Ernest Hemingway once famously said, “There is nothing to writing. All you do is sit down at a typewriter and bleed.”
Young students learning to write can certainly relate. Sentence construction, spelling, grammar—there are many complex skills a child must master on the road to become a confident writer. The good news is that teachers don’t have to carry the burden of instilling those skills. Students can learn from each other.
Read on to explore the idea of student-mentor texts and how to use them to enrich writing instruction, strengthen specific writing skills, and build the confidence of emerging writers.
The traditional view of writing instruction places students in their seats waiting for their teacher to show them how to create. However, reliance on this model of teaching has its limitations. It can turn students into passive recipients of learning who are highly dependent on their teachers. It can promote rote learning that depends on memorization and regurgitation of facts, not deep understanding. And, it can produce students who learn what’s being taught, but are unable to apply it in real life.
Learning to write is so much easier, and a lot more fun, when students are shown examples of a skill just taught. Isn’t that how many of us learn a new skill? By hearing how a peer crafted an introduction, organized a story, or used imagery, writer’s block vanishes and the wheels of creativity begin to turn. This is where a good student mentor text can make a real impact.
I CAN Do That!
A student mentor text is a piece of writing used to demonstrate a specific writing skill and motivate students to write something creatively similar. While under-utilized in most classrooms, student mentor texts can be one of the most valuable strategies in writing instruction. They’re not a substitute for good teaching, but rather a tool for enriching it and bringing it to life.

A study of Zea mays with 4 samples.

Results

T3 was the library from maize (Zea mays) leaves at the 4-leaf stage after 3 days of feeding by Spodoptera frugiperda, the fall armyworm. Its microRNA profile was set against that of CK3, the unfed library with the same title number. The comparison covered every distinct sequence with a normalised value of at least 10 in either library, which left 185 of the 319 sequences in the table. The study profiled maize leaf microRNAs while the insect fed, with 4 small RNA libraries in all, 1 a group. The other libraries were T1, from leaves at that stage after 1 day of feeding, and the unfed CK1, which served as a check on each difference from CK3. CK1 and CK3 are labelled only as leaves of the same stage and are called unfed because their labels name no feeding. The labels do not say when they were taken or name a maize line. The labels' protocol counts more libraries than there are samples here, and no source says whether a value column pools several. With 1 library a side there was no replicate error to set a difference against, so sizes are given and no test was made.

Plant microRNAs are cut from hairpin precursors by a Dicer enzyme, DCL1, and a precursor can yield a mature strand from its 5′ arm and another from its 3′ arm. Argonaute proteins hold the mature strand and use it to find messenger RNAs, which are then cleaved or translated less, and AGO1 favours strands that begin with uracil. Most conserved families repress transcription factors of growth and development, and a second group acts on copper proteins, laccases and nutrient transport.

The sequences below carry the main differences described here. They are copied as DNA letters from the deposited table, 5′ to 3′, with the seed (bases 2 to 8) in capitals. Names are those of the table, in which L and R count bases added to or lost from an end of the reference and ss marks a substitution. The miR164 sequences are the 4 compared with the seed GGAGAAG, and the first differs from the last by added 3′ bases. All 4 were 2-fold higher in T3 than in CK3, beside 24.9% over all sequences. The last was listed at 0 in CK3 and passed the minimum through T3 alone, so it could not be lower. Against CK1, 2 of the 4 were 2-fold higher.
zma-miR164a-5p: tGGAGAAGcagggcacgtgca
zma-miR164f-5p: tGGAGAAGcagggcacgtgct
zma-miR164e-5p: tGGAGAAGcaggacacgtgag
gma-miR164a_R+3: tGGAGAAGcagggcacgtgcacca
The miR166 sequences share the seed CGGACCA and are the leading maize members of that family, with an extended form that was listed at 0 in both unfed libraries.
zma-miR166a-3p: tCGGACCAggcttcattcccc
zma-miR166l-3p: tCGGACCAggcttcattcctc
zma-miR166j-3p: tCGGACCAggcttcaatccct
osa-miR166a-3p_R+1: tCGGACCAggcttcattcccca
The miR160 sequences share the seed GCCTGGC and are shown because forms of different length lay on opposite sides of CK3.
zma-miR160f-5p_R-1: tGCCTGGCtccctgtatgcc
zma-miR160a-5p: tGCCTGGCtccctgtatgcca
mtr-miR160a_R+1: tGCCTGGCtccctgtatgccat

Thanks to student mentor texts, students learning to write do not have to start from scratch. They can learn from the work and experiences of other student writers and avoid the same mistakes. They can learn what works in certain circumstances and why and how to use that insight to create something new. In addition, they can develop skills in working collaboratively, giving and receiving feedback, and assessing their own writing.
Something magical happens when students witness classmates taking risks, solving problems, and persevering. The observing students become inspired, their confidence grows, and they overcome their fears. They realize they can do this, too. Student mentors invited to share their texts benefit as well. They feel worthy, recognized, and empowered.
And, don’t make the mistake of thinking only perfectly written pieces make good mentor texts. There is value and something to be learned from all writing—including the unpolished, the messy, and even the crumpled pieces of paper tossed away!
Finding Student Models Right at Your Fingertips
Student mentor texts are not commonly used to their full potential in today’s classrooms. lf used at all, they are often on an ad hoc basis, without much thought or planning. As a result, teachers don’t have a good model when designing a learning environment that prompts students to learn from each other.
Teachers getting started with student mentor texts often ask: How do I go about selecting a good student mentor? Our advice: Don’t limit your view. Any student can be a mentor—a top-achieving student with advanced skills, a struggling writer whose skills are lacking, and anyone in between. There are lessons to be learned from all. And opportunities for all writers to read their own work out loud, stand in the spotlight, and shine.
Once a strong mentor text is selected, hang onto it. Make it part of an ongoing collection of student writing and a piece included in writing instruction year after year. By taking the time to organize collected texts according to a genre or skill, great examples of student writing will be readily available for all to enjoy and learn from.
For a more detailed look at why and how you might use mentor texts in your classroom, check out SDE’s webinar “We Can Do This” Using Student-Written Mentor Texts to Teach and Inspire (Gr. K–2) by literacy expert Janiel Wagstaff.